The Powerlessness of Pundits

Beltway types frowned at Obama's speech, but public opinion didn't budge


  • 'Does It Really Matter If You Lose the Pundits Anymore?' Nagourney looks at two possible reasons for the decline in pundit power. One is the sheer saturation of the media with opinion: "It is not just the number of commentators or the abundance of platforms that is diluting the influence of the mainstream media, but their speed. Opinions are being served up so fast that in this case many of them were stale by the next morning." Another is "the mistrust of the news media: it is at an all-time high." There's just not much numerical evidence suggesting that what George Will says on a Sunday morning
  • 'Short Version,' summarizes Mediaite's Glynnis MacNicol: " the cablesphere is talking to hear itself talk...and the public isn't listening." To answer Nagourney's question, "does it really matter if you lose the pundits anymore?" Daily Kos's DemFromCT replies: "No, it does not. Except to other pundits."
  • A Factor in Media (and Political Wonk) Irrelevance  In an unrelated piece for The Washington Post, Jason Horowitz suggests that another problem with the way the media treats politics lies in the love of "narrative." In other words, 'journalists and politicians know that voters, like everyone else, are hard-wired to understand the world through stories," and journalists in particular insist on sticking to this way of covering politics even when it's no longer useful. For example, writes Horowitz, "much of the reaction to the speech, rather than focusing on the plight of shrimpers or the legislative agenda, critiqued the address as a new panel in the ongoing Obama storyboard." But are citizens really evaluating a presidential speech on whether or not it sticks to The Plot, as determined by some D.C. journalists?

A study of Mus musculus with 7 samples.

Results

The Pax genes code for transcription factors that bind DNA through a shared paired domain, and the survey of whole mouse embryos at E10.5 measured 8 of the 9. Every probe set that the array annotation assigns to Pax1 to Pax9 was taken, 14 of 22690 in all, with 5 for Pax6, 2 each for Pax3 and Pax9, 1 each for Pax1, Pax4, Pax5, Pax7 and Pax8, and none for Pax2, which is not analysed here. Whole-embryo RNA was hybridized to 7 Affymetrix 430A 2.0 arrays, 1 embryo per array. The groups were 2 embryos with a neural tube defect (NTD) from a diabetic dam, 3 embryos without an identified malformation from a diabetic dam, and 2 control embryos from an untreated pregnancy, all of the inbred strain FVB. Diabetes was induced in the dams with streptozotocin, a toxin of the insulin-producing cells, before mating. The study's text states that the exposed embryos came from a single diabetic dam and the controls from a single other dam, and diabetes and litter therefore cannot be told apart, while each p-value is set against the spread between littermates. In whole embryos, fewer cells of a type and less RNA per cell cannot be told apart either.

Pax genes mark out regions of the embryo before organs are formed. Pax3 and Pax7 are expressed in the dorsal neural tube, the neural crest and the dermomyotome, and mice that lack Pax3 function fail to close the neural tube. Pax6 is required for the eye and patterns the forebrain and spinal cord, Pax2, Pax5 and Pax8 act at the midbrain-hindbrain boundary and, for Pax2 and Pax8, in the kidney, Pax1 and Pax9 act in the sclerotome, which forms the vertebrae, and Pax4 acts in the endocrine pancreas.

• The Mainstream Media Is Useless, and They'll Defend Obama to the End  Frank Ross at conservative Big Journalism thinks Nagourney's article is merely the natural stage in the mainstream media's love affair with Obama where "she [the media] wakes up one morning face down in the gutter and realizes she's no good," but "not yet ready to start regaining her lost dignity," blames herself rather than "her lover," declaring "she's not worthy." He's amused by Nagourney's question concerning pundits, though, which he responds to thus: "Sure--what do they matter? The Times and other major newspapers employ people like Maureen Down and Frank Rich and Paul Krugman precisely because nobody gives a fig about their opinions of current events!"